Inflation data for developed markets

Siwat Nakmai

US inflation numbers released this week show that the overall cost of living, as captured by the Consumer Price Index, increased 3.2 per cent from a year ago, with an increase of 0.4 per cent month over month.

The monthly measure was in line with expectations, while the 12-month reading was marginally higher. An increase in energy costs, reflecting global oil price fluctuations and domestic energy policy changes, helped to boost the headline inflation numbers, while food price rises slowed.

This deceleration was greater than expected, possibly due to better supply chain conditions and agricultural outputs.


EU: inflation continues to decelerate

This heatmap tracks the annual percentage change across the major items in the EU’s inflationary basket of goods and services. It is important to note that food and non-alcoholic beverages, transport, and housing have the highest weighting in the basket, in that order.

Headline inflation decelerated to 3.1 per cent on an annual basis, down from 3.4 per cent The highest inflation points were in non-alcoholic beverages, tobacco, water and insurance, potentially reflecting changes in consumer habits following the pandemic and regulatory impacts on insurance and tobacco products.

On the other hand, milk, cheese and eggs, communication, and transport services all experienced almost no or even negative annual inflation. This may be attributable to market competition keeping prices down as well as technological advances improving productivity and reducing costs.


Japan: inflation cooling, with utilities key contributors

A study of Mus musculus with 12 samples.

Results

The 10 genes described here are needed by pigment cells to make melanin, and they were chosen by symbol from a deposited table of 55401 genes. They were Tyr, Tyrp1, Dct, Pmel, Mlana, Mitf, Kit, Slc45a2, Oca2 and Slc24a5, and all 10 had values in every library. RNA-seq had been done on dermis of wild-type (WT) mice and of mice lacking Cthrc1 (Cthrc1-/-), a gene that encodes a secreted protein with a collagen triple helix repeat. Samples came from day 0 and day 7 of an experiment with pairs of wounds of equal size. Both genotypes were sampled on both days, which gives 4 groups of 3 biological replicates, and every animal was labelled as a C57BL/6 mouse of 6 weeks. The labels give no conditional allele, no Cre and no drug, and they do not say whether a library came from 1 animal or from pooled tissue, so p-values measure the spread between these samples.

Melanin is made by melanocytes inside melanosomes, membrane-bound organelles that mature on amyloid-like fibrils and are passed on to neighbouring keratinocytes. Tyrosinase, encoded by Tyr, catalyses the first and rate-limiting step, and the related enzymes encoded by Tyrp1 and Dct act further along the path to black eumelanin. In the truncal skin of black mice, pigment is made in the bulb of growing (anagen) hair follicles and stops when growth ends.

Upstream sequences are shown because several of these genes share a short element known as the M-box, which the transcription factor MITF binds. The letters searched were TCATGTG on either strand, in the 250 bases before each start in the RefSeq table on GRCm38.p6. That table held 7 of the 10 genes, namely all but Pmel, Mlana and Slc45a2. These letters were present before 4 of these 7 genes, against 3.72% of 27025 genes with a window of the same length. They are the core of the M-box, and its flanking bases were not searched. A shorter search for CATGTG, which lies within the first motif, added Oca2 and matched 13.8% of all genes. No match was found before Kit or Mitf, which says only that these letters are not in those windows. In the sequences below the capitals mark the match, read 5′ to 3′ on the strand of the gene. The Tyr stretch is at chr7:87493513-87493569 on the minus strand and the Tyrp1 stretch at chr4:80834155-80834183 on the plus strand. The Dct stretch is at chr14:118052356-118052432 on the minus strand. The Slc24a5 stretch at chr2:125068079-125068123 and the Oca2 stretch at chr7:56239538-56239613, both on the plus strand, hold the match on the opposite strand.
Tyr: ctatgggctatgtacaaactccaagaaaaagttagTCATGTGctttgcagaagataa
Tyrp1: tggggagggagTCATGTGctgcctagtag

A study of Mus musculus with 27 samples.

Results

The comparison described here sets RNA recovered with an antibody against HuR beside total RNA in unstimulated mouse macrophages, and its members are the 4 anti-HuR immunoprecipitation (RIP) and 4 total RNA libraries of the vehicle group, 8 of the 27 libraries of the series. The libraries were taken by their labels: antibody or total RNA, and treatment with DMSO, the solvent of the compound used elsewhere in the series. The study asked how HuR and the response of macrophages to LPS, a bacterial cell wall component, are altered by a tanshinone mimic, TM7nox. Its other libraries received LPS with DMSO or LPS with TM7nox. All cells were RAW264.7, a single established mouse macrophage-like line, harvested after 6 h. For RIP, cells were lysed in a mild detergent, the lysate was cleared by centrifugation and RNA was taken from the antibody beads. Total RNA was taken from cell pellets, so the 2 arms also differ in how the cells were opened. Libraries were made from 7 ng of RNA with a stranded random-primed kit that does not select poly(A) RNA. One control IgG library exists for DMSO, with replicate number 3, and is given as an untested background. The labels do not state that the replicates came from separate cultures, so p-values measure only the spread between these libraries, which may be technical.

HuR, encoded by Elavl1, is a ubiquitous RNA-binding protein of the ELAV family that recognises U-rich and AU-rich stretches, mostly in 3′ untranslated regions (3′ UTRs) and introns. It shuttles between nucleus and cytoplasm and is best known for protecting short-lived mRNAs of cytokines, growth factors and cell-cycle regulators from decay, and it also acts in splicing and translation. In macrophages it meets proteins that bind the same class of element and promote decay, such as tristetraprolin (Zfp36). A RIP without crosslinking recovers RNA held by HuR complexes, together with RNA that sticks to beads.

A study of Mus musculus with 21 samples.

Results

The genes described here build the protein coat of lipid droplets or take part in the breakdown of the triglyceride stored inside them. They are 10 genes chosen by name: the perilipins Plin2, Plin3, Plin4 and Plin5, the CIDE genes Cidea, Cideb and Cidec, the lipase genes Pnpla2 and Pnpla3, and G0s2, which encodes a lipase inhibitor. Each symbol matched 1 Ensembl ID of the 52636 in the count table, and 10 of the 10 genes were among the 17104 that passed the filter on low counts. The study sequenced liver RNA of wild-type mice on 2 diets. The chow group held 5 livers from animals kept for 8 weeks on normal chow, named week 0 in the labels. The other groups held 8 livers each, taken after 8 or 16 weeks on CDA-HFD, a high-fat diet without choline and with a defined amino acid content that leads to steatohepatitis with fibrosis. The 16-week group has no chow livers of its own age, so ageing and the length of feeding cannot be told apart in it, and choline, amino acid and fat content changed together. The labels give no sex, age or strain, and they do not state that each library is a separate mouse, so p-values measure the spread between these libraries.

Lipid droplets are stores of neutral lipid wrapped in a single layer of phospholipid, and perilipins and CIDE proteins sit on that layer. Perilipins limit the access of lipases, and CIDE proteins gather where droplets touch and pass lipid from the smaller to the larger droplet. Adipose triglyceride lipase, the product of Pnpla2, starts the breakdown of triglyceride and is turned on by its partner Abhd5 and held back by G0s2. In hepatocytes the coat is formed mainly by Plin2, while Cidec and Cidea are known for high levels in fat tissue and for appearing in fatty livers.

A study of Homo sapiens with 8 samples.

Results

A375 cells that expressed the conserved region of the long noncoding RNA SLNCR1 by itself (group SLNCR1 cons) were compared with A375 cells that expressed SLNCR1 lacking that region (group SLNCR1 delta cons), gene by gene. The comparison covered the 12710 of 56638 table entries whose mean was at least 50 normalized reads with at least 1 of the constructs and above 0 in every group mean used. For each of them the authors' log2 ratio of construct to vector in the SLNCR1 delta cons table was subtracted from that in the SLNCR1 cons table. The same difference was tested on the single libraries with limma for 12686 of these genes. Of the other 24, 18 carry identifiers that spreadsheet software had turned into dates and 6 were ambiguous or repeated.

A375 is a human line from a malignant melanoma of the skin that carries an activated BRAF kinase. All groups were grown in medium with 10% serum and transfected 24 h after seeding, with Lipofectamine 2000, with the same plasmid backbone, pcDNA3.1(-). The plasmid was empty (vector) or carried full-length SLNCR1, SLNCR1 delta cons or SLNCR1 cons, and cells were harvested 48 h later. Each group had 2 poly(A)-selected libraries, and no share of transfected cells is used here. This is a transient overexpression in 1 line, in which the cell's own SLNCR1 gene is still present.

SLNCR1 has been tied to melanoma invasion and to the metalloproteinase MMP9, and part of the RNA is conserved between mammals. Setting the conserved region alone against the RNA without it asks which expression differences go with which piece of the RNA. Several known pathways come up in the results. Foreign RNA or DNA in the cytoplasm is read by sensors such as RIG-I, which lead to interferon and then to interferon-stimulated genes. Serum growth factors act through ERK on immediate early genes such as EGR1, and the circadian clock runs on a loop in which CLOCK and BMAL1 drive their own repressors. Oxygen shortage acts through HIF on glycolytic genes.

Japan’s overall inflation has been cooling, driven by price drops for electricity and gas. Several food items have also shown moderation in prices.

On the other hand, prices for transportation, medical care, culture and recreation are rising, perhaps in line with service costs and wages. These may be driven by demographic changes such as an ageing population and labor shortages.

The {{nofollow}}Bank of Japan closely monitors wage growth as a key determinant in deciding the timing and degree of adjustments to its yield curve control and negative interest rate policies.


UK: a mixed inflationary picture

This heatmap tracks the evolution of inflationary items in the UK. The highest-weighted items are restaurants and hotels, recreation and culture, and transport. Across these, insurance, tobacco and alcoholic beverages prices rose fastest, reflecting tax policy changes and post-Brexit dynamics.

Conversely, gas and electricity fell the most – by 26.5 per cent and 13 per cent respectively, which may be due to government policy interventions and shifts in global energy markets.


Sweden: inflation driven by housing

The weak Swedish crown has made the Riksbank’s task to slow inflation a tough nut to crack for an economy reliant on energy and commodity imports. While several categories are showing a slowdown in price increases, Swedish inflation is primarily driven by increasing housing costs.

These reflect both dynamics in the domestic market, such as limited supply in major cities and strict building regulations, along with the broader global economic environment.


Canada: positive news for disinflation

A real estate crisis continues to loom large in Canada, where high demand and limited supply have made shelter prices, both rented and owned, relatively hot categories. However, headline inflation rates have finally dropped below the upper target limit of three per cent, signaling a potential easing of price pressures across the economy. February's figures are expected to be released next week, raising the question of whether the downtrend will continue or be driven up again by real estate.

Meanwhile, tobacco prices have finally begun to drop, offering smokers some relief in an otherwise challenging market. This could be the result of changes in market dynamics and regulation affecting consumer behavior and company pricing strategies.